EIRP Density: A Regulatory Tool?
The challenge: Attending to the ever-growing demand for smaller antennas while maintaining the integrity of the 2-degree satellite separation standard. The solution: The use of uplink effective isotropic radiated power EIRP density as a regulatory tool.
The U.S. Federal Communications Commission (FCC) has lately used EIRP density (a calculation of antenna uplink EIRP spread over a fixed bandwidth) to speed up the licensing of smaller antennas as well as to regulate the emissions from new services such as Earth stations on vessels and vehicle-mounted Earth stations.
The 2-Degree Standard
Since 1983, the United States has operated on a 2-degree standard of separation between domestic satellites along the geostationary arc. This standard was a reduction from the 1970’s standard of 3 degrees and 4 degrees for C- and Ku-band, respectively. The reduction to 2 degrees came as a response to a growing demand for more satellites in orbit, but this decision has placed a greater burden on ground antennas that now must operate under improved sidelobe performance. Smaller antennas have larger sidelobes, which have greater potential for causing harmful interference to adjacent satellites.
The FCC published directives whereby the sidelobes of antenna gain plots had to fall below a certain limit or “envelope.” If antenna sidelobes exceeded the prescribed envelope, the antenna was said to be “non 2-degree compliant.” This meant that such antenna could only be licensed if the FCC examined the application under a case-by-case review process, and the applicant could implement measures for mitigating adjacent satellite interference.
The FCC typically required a license applicant to secure affidavits from adjacent satellite operators in which the operators acknowledged the potential interference from the applicant antenna. The problem with this approach was that these affidavits often were difficult to obtain because the applicant had a business relationship with the operator of the satellite with which it intended to communicate but not with adjacent satellite operators.
The EIRP Density Tool
To address the challenge of limiting adjacent satellite interference while licensing smaller antennas (especially stabilized antennas), the FCC turned to EIRP density to solve this riddle. In the 2005 Earth Stations on Vessels (ESV) order, the FCC required that applicant antennas comply with EIRP density envelopes specifically developed for ESV applications. It is interesting to note that this FCC posture is different from the stance taken by some European regulators, which set a minimum antenna diameter standard for ESV licenses.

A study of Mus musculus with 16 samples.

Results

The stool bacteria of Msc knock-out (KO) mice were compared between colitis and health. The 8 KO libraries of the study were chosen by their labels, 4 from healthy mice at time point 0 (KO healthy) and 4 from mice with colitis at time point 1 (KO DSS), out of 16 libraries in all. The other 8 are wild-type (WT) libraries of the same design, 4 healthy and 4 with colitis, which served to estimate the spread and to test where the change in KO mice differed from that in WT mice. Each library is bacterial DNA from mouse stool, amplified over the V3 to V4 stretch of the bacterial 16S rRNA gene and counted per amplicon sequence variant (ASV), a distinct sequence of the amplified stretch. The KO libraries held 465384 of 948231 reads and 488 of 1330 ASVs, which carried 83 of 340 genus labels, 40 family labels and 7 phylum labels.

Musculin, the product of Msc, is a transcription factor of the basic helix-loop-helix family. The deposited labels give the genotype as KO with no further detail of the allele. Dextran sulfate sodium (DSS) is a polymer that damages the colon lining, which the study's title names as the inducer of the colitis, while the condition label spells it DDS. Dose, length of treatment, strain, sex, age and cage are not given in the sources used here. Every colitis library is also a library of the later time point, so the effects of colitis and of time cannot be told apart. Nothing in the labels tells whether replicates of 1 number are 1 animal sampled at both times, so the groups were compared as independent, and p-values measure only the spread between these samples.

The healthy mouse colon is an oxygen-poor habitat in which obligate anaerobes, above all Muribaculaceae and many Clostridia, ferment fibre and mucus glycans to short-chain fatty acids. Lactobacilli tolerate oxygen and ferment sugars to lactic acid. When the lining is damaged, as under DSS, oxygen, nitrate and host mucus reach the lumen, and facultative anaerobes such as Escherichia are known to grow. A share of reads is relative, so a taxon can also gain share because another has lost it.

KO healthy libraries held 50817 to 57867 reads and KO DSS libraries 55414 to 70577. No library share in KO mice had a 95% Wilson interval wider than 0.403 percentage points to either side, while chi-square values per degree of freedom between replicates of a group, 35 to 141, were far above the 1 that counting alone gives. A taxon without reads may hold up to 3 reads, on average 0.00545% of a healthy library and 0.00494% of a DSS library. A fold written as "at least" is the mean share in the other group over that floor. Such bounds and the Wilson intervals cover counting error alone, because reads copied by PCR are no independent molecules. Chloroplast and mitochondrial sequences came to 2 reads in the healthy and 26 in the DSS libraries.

The FCC’s use of EIRP density allowed ESV applicants to use an antenna of any diameter, however small, so long as the antenna sidelobes fell below the prescribed EIRP density envelope. Because EIRP density is the combination of the power density supplied to the antenna and the antenna gain, an applicant could comply with the regulations by just reducing the input power density into the antenna.
In February, the FCC issued an order allowing non-2-degree compliant antennas to apply for routine treatment (the process of expeditious handling of applications rather than a case-by-case review). The caveat again was that applicants’ antennas fall below an EIRP density envelope developed specifically for this purpose. This meant that affidavits from adjacent satellite operators no longer were required as long as applicants reduced their input density to below the set limit.
Most recently, the FCC issued an order in August allowing vehicle-mounted Earth stations to operate in the Ku-band on a primary basis. Because of the need to use small antennas to fit in space-constrained vehicles, vehicle-mounted units are prone to increased risk of causing adjacent satellite interference. However, the FCC again decided to use EIRP density, rather than a minimum antenna diameter, as a factor in the license application.
With today’s pressure to reduce costs, the use of smaller diameter antennas has become more widespread just as the number of satellite applications that cater to space-restricted customers have become available. Yet, the satellite community wants to keep adjacent satellite interference under control. By using EIRP density as a gate keeper of sorts, both goals are attainable.
Raul Magallanes runs a Houston-based law firm focusing on telecommunications law. He may be reached at +1 (281) 317-1397 or by email at raul@ rmtelecomlaw.com.